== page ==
Protestors hold signs and EU and Ukrainian flags during a demonstration in support of Ukraine outside of an EU summit in Brussels, on June 23.Olivier Matthys/Associated Press

BRUSSELS — European leaders decided Thursday to make Ukraine a candidate for membership of the European Union, a historically important signaling that the country, while now in the throes of war and far from ready to join the bloc, ultimately belongs in it.

The step was seen as impossible mere weeks ago, not least because Ukraine is seen as too far behind in terms of corruption and economic overhauls to be able to join. But the decision to nonetheless give it the coveted candidate status, as a symbolically important gesture, was another leap for European nations that have been rapidly shedding preconceptions and qualms to back Ukraine in the face of Russia’s invasion, often at great cost to themselves.


Candidacy in the European Union, which the 27 EU leaders meeting in Brussels on Thursday also decided to grant to Moldova, is a milestone but little else. It signals that a nation is in position, if certain conditions are met, to begin a detailed, painstaking, and yearslong process of changes and negotiations with the bloc, with a view to eventually joining.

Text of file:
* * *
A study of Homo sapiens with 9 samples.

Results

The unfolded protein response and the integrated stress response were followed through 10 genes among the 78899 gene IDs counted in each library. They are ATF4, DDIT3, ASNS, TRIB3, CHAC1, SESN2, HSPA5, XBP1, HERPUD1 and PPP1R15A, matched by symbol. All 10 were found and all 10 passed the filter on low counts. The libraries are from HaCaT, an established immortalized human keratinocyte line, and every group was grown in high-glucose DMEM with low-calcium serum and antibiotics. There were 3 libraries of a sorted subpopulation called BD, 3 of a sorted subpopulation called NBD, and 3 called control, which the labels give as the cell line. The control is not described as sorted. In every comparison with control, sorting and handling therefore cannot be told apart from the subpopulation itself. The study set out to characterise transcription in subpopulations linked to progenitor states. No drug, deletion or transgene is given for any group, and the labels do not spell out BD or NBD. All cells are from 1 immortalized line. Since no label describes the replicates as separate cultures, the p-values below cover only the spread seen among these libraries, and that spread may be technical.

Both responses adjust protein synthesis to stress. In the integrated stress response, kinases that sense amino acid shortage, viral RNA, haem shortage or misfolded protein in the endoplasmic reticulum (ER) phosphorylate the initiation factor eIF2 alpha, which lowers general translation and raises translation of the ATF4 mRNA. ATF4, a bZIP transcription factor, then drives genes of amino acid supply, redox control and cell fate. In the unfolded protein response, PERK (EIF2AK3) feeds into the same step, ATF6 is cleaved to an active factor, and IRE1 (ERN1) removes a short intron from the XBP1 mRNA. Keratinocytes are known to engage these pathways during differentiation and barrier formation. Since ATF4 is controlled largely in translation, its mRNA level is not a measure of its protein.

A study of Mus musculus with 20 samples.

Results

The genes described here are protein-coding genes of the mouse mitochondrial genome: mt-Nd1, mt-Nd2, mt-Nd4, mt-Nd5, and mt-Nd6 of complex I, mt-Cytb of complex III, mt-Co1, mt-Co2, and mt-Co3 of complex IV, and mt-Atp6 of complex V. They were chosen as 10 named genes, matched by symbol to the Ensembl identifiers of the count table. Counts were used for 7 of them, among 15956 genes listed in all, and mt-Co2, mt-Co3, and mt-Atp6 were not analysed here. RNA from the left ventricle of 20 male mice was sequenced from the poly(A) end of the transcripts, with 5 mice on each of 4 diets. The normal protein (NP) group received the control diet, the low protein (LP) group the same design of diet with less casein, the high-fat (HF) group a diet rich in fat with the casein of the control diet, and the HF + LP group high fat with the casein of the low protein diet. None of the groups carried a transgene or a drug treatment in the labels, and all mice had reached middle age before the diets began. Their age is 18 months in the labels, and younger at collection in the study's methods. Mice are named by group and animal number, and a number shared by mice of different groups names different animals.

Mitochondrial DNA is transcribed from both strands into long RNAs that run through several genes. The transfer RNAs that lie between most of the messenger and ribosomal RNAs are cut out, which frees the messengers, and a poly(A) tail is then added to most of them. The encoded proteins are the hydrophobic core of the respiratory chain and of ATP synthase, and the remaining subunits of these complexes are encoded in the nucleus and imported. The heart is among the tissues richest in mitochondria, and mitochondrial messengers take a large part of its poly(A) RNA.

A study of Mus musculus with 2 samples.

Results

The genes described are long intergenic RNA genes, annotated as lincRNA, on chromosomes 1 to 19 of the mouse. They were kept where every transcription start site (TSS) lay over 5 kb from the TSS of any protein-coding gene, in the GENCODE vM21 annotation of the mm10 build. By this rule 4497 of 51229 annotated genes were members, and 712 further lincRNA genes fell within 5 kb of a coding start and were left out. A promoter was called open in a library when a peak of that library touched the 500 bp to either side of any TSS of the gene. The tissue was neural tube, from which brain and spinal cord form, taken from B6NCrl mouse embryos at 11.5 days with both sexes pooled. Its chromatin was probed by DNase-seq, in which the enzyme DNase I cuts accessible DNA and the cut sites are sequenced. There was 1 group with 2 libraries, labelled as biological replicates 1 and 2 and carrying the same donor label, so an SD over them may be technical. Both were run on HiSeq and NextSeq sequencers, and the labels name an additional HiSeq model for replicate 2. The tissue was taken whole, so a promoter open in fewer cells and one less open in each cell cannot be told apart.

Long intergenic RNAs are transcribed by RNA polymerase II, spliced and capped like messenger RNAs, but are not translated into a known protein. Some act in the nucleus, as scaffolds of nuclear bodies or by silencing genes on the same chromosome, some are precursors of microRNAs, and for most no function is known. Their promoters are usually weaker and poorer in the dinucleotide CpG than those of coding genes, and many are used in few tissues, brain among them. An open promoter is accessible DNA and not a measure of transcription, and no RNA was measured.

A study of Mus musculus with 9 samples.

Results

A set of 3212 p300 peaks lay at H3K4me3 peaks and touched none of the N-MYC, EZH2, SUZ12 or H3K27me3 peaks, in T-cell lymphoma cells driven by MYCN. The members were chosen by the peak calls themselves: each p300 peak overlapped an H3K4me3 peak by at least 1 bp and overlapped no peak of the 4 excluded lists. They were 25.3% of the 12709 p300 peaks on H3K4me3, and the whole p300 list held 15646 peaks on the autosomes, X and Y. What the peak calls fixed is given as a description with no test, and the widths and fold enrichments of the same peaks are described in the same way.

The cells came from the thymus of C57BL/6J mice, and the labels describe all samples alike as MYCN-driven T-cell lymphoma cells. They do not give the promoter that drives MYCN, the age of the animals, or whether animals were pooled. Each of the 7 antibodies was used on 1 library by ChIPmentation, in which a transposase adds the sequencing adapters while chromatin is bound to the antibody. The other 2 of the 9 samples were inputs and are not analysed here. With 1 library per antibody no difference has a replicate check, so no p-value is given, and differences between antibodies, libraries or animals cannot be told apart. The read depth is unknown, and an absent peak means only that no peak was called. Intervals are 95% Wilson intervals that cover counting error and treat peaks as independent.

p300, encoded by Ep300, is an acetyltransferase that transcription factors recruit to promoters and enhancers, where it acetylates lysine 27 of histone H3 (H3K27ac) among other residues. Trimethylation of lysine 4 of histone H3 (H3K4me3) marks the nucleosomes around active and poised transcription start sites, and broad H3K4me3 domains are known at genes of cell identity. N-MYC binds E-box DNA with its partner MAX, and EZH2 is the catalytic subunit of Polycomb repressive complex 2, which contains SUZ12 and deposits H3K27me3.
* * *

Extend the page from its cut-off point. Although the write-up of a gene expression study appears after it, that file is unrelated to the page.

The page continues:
When that might happen depends on the readiness of the country in question, which must align itself institutionally, democratically, economically, and legally to EU laws and norms. On average, the process has taken other countries about 10 years. Turkey has been a candidate for 21 years but is unlikely to join.

The EU began in 1952 as a free-trade bloc among a core six nations. It has grown through the years not only to include huge swaths of the European continent, but also to encompass policies far beyond trade and economics, although those remain its strongest and best-aligned types of joint work.


The leaders of Germany, France, and Italy, the largest EU nations, gave a preview of the decision to grant candidate status to Ukraine in a visit last week to its capital, Kyiv. Still, a handful of member countries needed to be convinced that despite Ukraine’s unreadiness to join the union, it was vital to give it the prospect.

Important as the moment is for Ukraine, it is deeply significant for the EU, too. Most members had been eager to keep the bloc from growing, partly because its 27 members already find it at times exceedingly hard to agree on key issues such as democratic freedoms, economic overhauls, and the role of the courts.

The bloc nearly doubled in size in the decade 2004 to 2014, adding 13 members, many of them poorer former Soviet nations that swiftly gained access to wealthier labor markets and ample funding by the bloc.

That integration is still not complete, with several nations struggling with corruption, rule-of-law issues, and economic backsliding. This calls into question the bloc’s capacity to absorb a country of Ukraine’s size and population.

Some European nations would have also liked to see Albania and North Macedonia, Balkan nations that have been candidates for more than a decade, admitted before Ukraine. Western Balkan leaders met with their EU counterparts earlier Thursday, but the meeting yielded no progress.